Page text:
Q. My request for Social Security Disability benefits has been denied. How do I appeal?
A. Do not despair if your application for Social Security Disability Insurance Benefits is denied. Less than half of all claims are approved on the first submission. Persistence is one key to successfully reaching a favorable conclusion.
The Steps of Your Appeal
For your appeal to be successful, you must meet the strict deadlines imposed by the Social Security Administration (SSA). Major deadlines in the appeal process include:
- Request for Hearing: If you disagree with the initial decision, you may request a hearing. The Hearing is held before an Administrative Law Judge (ALJ) who will hear evidence and review documents submitted in support of your claim. The Hearing must be requested within 60 days of the denial of your initial decision. The ALJ may ask you for more evidence and to clarify information about your claim. There may also be medical or vocational experts present at the hearing to testify about your abilities and work available to an individual with your limitations based on your records and testimony.
- Appeals Council Review: Should the Administrative Law Judge uphold the denial of benefits, or grant you a Partially Favorable Decision (only allowing a portion of your disability period), you have 60 days to petition for a review by the Social Security Appeals Council. If the Appeals Council decides to review your case, it will either decide your case itself or return it to an administrative law judge for further review. At this stage, you can submit more evidence that may have been missing at the Hearing. You or your representative can also send a written argument stating why the ALJ’s decision should not stand. If your case was previously remanded by the Federal Court, the written argument must be filed within 30 days of the ALJ’s Decision.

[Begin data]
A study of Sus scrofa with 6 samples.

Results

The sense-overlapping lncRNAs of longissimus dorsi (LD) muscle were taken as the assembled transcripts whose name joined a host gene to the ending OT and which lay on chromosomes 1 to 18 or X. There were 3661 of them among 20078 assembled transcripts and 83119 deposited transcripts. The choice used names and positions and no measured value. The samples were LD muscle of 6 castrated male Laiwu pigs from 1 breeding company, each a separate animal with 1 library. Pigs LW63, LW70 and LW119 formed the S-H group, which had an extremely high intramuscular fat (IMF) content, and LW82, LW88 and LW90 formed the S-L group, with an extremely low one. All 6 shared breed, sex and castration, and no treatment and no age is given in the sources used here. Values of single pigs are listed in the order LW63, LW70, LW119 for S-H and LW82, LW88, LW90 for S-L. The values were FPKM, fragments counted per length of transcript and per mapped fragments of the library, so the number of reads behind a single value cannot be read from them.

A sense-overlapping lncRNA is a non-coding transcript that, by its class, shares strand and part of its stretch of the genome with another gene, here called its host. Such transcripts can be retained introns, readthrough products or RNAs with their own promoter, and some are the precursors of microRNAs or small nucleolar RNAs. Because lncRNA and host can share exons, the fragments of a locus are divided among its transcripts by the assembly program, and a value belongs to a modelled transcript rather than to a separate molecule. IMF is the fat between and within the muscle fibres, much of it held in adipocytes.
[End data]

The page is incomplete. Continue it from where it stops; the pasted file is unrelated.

- Federal District Court: If you disagree with the Appeals Council’s decision, or if the Appeals Council decides not to review your case, you may file a lawsuit in U.S. District Court within 60 days of the Appeals Council decision.
- Request for Reconsideration: Some states have a level between the initial application stage and the hearing stage, called the Reconsideration stage. New York is NOT one of those states. In those states, before you file a Request for Hearing, you first need to Request a Reconsideration. The Appeal Request form and Appeal Disability Report must be delivered within 60 days of the date of the letter from SSA advising of the initial application denial decision. Reconsideration involves a complete review of your claim by someone who did not take part in the first decision. Social Security officials will look at all the evidence submitted when the original decision was made, plus any new evidence. Since New York does not have this level, you would appeal directly to the hearing level if your initial application is denied.